Men and women who have considered joining the Army may get the extra incentive they need to follow through: a benefit of up to $40,000 towards purchasing a home or starting a small business through a new program, the Army Advantage Fund (AAF). The AAF is a program designed as part of a larger initiative to address the challenges the Army faces in meeting its recruiting goals. The AAF pilot launches this month.
“Recruiting is very difficult right now,” Douglas Smith, spokesperson for U.S. Army recruiting command, said. “[With the] ongoing war on terrorism [and] deployments in Iraq and Afghanistan, potential applicants and…their immediate family members may be concerned about the element of risk of enlisting…at this time.”
Additionally, competition for quality men and women has intensified as a result of the high volume of college-bound students and an improving civilian job market, Smith said.
The program will be made available to new recruits for the regular Army and the Army Reserve in five recruiting battalion areas–Albany, N.Y., Cleveland, Montgomery, Ala., San Antonio and Seattle–for at least six months. If the trial run proves to be effective, the program may be extended nationwide, Smith said.
![filekey=|1532| align=|left| caption=|Investment property can be purchased through the Army Advantage Fund| alt=|Real estate purchased with the Army Advantage Fund can be used as a home or an investment|]Payout levels for new recruits depend on which of the two organizations they join and the length of their term of service. For the regular Army, an enlistment period of three years will fetch a $25,000 benefit, four years will fetch $35,000 and five or more years will fetch the maximum amount of $40,000. For the Army Reserve, payout levels are $10,000, $15,000 and a maximum of $20,000 for three, four and five or more years, respectively.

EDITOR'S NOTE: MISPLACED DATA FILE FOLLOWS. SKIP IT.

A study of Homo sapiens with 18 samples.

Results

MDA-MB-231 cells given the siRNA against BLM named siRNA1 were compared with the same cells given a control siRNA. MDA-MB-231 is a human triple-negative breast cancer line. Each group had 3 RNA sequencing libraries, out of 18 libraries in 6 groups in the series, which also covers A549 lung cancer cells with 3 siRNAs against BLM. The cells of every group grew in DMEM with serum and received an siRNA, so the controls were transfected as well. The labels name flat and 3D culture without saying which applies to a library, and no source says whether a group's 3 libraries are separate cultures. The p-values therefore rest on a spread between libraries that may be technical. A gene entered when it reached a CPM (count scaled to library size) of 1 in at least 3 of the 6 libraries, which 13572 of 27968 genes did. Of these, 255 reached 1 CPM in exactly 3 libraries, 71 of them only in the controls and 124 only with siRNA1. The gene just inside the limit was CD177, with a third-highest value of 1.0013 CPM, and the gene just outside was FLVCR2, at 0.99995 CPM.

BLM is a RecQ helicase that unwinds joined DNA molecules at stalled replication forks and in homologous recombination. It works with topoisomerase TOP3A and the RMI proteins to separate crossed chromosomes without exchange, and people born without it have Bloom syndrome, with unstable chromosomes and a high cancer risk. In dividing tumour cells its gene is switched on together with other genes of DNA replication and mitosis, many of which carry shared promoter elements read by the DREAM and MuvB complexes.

In order to be eligible for the fund, new recruits must have no prior military service experience and must sign up for at least three years of service. Additionally, they must place above a minimum score category on the military aptitude test. A limited selection of Military Occupational Specialties is eligible for the fund during the test phase and beyond, and is subject to change.
“A local recruiter will have the most current information,” Smith said.
Although the AAF is only offered in five recruiting battalion areas, individuals from other parts of the country are eligible to join at any of those locations, Smith said.
A lump sum payment from the fund is provided once the Army soldier has completed their term of service or is separated by honorable discharge and it is verified that he or she has met all the program requirements.
A soldier’s spouse is alternatively eligible to receive AAF funds after the soldier completes his or her term of service or has been discharged for at least five years, Smith said.
Soldiers who wish to use the benefit to start a small business must provide a business tax number and a business plan through the Small Business Administration before receiving the funds. Additionally, army-enlisted members who remain on active duty after their term of service must wait until they leave active duty to receive money for a small business.
Soldiers who intend to put the money towards a home purchase must show proof of owning or buying a home. The AAF does not place restrictions on the purpose of the home purchase–the money can be used for a primary residence or property investment.
“The intent is for the soldier to utilize the money under the home ownership option for their primary residence,” Smith said. “However, they are free to utilize the fund for a house as an investment purpose if they so choose.”
The timing of the home ownership option appears fortuitous in light of tough lending conditions in the homebuyers market. The lure of a sizeable down payment towards a new home can be particularly effective now that lenders have tightened their underwriting criteria, Smith said.
“This program’s been in development for quite a few years,” Smith said. “It’s interesting that the home-buying environment has changed during the course of this [program’s development] and it works out.”